A ganglion is a swelling (cyst) that forms on joint and tendon sheaths. They are most often found in the wrist. But they can also show up on the foot, fingers, or toes. Ganglia are believed to be caused by a rupture of the tissue that lines the joints and tendon sheaths (synovial tissue). 

Ganglia are often difficult to treat without surgery—but nonsurgical methods may help relieve some of your symptoms.

Nonsurgical care

Nonsurgical methods include: 

  • Pads placed around the ganglion can ease pressure and friction.

  • Removing the fluid may also relieve symptoms, though ganglia may come back. The gelatinous gel is removed through a large-bore needle. You may get a steroid injection after the cyst fluid is removed.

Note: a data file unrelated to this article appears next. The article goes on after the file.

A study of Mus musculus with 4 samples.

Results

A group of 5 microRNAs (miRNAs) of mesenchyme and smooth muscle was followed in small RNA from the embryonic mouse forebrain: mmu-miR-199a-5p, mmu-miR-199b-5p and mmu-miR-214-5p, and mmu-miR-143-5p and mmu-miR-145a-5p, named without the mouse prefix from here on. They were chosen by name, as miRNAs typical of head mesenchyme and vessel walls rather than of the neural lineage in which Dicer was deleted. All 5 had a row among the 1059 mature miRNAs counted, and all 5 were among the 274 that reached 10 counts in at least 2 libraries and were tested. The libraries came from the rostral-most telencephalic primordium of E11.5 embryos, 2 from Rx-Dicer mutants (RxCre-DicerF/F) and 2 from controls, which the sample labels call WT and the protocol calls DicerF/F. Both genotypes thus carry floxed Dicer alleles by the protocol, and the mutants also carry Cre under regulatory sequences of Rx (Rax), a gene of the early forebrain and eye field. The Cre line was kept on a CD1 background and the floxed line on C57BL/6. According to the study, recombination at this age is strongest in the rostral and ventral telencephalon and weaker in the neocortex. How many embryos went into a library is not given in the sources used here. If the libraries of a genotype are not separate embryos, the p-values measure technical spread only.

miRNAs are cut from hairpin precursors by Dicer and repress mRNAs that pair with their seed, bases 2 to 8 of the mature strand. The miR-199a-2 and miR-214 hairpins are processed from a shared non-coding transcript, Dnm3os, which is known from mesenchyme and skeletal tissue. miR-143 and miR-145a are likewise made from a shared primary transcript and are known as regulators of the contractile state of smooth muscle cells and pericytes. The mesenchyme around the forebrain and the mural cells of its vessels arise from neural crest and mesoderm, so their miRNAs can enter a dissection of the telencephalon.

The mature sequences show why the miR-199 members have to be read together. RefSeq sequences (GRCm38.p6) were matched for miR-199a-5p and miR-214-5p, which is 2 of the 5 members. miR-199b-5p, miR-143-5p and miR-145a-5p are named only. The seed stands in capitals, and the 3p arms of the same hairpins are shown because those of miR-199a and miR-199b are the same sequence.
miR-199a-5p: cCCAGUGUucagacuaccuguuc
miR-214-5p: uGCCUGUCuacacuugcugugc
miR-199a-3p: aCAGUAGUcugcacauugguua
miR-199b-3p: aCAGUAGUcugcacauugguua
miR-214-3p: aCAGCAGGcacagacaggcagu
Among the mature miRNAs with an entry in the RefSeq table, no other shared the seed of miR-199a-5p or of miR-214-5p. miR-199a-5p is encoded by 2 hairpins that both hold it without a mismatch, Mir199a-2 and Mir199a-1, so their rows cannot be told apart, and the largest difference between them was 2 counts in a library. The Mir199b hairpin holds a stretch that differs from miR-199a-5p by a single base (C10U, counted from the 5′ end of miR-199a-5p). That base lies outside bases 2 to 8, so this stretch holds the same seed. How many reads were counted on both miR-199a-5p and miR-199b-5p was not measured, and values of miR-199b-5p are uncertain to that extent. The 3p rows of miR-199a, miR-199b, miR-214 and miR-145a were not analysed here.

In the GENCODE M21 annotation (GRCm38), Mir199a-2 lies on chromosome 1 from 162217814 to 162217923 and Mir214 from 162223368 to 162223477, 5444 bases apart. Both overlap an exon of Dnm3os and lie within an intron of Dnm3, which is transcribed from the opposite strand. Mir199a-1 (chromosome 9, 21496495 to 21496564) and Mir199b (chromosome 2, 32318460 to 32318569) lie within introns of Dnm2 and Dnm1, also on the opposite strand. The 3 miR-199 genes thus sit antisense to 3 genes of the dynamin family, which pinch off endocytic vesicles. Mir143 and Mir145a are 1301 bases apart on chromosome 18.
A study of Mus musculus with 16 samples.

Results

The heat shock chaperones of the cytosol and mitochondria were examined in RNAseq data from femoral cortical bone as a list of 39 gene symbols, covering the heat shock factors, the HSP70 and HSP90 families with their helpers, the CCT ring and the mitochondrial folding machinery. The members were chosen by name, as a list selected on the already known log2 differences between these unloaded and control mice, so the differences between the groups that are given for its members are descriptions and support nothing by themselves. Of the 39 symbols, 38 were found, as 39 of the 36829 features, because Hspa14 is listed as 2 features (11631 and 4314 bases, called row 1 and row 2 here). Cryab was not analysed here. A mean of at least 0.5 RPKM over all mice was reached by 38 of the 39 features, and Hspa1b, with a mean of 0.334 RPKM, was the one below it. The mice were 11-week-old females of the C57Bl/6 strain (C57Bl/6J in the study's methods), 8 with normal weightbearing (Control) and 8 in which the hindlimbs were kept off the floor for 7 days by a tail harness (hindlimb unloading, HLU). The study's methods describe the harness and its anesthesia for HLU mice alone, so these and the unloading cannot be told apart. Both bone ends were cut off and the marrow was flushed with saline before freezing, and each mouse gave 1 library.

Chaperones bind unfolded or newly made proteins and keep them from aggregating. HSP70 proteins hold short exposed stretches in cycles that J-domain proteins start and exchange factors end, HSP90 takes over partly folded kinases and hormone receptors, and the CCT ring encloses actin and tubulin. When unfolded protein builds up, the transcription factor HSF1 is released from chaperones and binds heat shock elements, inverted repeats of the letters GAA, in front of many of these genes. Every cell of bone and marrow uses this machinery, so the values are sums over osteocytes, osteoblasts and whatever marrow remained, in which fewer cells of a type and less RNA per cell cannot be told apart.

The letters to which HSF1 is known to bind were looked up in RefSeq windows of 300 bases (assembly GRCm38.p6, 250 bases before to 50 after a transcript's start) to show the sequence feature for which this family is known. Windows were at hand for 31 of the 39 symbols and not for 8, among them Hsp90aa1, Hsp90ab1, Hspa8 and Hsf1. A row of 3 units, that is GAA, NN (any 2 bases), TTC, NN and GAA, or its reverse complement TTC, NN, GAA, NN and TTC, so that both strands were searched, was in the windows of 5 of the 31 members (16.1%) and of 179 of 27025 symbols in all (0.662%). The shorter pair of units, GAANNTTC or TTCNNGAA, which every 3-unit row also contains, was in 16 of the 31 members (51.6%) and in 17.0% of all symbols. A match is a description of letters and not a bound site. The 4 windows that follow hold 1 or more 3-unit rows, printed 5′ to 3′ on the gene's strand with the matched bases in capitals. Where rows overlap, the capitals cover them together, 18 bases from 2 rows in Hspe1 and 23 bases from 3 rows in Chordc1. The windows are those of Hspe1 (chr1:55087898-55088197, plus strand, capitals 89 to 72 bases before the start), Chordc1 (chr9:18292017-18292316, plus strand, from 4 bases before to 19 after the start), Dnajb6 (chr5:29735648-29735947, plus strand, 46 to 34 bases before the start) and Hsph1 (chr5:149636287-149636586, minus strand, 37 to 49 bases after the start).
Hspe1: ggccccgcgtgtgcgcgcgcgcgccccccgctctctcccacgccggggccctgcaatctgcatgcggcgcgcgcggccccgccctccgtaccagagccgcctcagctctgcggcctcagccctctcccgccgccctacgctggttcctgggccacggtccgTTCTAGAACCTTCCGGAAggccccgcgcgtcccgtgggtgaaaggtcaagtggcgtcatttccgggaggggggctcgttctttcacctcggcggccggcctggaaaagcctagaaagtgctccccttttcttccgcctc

• Limiting movements or activities that increase pain may bring relief.

  • Icing the ganglion for 15 to 20 minutes may temporarily relieve inflammation and pain.

  • If your inflammation is severe, your healthcare provider may treat your symptoms with medicine.

Back view of hand showing dotted line around ganglion cyst on wrist.


If a ganglion is causing ongoing or severe pain, your healthcare provider may recommend surgery. Your surgeon removes the entire ganglion wall during the procedure. He or she may also remove some surrounding tissue. If the ganglion has come through a tear in the capsule of the joint, the tear will have to be repaired. The joint will likely be get still while the tear heals.

After surgery

You may feel pain, swelling, numbness, or tingling for several weeks after surgery. Be sure to see your healthcare provider if you notice any problems in the future. Although surgery is usually successful, there is a chance that the ganglion will come back.